Luis Alberto Moreno, Colombia's dynamic, longtime ambassador to Washington, was elected president of the Inter-American Development Bank yesterday by a surprisingly large majority of the bank's Board of Governors, shortly after candidates from Venezuela and Nicaragua pulled out of the race.
Moreno, 53, will assume his role as head of the multilateral institution Oct. 1. He will succeed Enrique V. Iglesias of Uruguay, who has distinguished himself as a driven visionary since he took over in 1988.
Established in 1959, the IDB is the oldest and largest regional development bank in the world. It provides financing for economic and social development projects throughout Latin America, approving some $6.6 billion in new lending commitments last year.
U.S. Treasury Secretary John W. Snow issued a statement saying Washington looks forward to working with Moreno. Widely viewed as the Bush administration's preferred candidate, Moreno faced challenges from Venezuela and Brazil until hours before the vote.
Snow said the IDB needs to "help unleash the power of the region's entrepreneurs" since the private sector has emerged as the primary driver of economic growth.
In a single round of voting, Moreno won 26 votes: 20 from the 26 borrowing countries of the Americas plus the United States and Canada, and six from non-regional members: Britain, Spain, Norway, Israel, Italy and South Korea.
As a result of the vote, Moreno garnered 56.06 percent of shareholder stock in the bank, exceeding the required 50.01 minimum to win, according to two sources who attended the secret ballot.
Moreno sounded exhausted from a grueling campaign that took him to 18 countries in three weeks and from intense cross-examinations by voting blocs, including the finance ministers from Caribbean countries.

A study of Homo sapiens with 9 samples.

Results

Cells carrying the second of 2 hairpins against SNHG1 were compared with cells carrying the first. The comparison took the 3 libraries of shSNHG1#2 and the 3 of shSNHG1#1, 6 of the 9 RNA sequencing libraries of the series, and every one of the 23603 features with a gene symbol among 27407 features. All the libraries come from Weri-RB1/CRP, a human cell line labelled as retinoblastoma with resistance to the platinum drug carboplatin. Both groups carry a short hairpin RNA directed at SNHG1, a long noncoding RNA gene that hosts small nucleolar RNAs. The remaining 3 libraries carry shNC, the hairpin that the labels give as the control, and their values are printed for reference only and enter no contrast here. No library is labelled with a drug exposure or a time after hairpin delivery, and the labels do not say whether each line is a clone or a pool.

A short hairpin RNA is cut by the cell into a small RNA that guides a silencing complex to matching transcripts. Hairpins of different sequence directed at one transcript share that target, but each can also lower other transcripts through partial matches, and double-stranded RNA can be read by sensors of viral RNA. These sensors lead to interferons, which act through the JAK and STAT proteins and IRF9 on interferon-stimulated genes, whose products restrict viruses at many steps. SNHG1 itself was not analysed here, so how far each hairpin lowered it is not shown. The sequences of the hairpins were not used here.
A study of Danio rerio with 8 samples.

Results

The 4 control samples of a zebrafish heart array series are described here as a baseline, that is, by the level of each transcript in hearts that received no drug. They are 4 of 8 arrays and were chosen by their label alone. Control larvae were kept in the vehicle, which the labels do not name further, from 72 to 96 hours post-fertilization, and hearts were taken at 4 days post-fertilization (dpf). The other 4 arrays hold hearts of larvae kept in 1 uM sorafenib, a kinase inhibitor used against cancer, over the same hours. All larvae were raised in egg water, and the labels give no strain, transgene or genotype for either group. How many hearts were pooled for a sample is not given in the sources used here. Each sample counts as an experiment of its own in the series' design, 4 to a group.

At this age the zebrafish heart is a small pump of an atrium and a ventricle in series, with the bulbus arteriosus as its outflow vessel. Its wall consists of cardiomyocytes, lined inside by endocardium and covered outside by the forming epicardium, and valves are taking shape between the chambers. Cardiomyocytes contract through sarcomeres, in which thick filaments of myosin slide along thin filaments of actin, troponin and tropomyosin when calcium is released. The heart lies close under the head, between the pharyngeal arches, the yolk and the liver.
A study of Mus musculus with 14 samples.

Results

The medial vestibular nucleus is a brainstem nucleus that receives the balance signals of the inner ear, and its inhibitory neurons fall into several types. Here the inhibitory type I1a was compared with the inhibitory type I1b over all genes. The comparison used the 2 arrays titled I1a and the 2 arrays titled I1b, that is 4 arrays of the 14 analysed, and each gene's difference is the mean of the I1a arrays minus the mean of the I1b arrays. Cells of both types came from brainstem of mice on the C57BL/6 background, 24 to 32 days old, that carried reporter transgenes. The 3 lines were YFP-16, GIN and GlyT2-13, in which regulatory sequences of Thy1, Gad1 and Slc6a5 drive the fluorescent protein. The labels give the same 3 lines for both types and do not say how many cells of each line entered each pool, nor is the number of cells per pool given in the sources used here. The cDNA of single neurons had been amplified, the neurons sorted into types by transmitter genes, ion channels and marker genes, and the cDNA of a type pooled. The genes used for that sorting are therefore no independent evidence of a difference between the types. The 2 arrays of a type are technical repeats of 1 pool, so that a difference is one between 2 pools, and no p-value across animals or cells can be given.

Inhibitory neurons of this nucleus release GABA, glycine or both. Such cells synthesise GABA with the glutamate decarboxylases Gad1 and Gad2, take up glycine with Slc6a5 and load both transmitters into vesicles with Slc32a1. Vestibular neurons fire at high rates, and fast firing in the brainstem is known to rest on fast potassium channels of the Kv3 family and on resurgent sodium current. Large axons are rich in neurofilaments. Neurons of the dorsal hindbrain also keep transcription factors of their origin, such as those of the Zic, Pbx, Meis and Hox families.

"I think there is a real opportunity to come together around an agenda of social cohesion to bridge many of the differences, to boost infrastructure and fuel the entrepreneurial energy in Latin America," he said in a telephone interview.
Brazil's Joao Sayad, the current vice president for finance and administration of the IDB, came in second with seven votes from countries of the Americas and three from non-regional members.
At the start of the proceedings at 10 a.m. yesterday, Venezuela, which announced its candidacy only 10 days ago, withdrew before the vote.
"Venezuela realized that it could not count on Caribbean countries, which it supplies with free oil, to swing the vote against Moreno," explained one analyst.
"Ambassador Moreno took the embassy of a very troubled nation and propelled it to become one of the most influential and effective centers of diplomacy in Washington," said Moises Naim, editor of Foreign Policy magazine and a former minister of industry of Venezuela.
"He will bring the same vigor, talent and political savvy to an institution that is critical to the future of Latin America," Naim said after the vote. Moreno has been ambassador since 1998.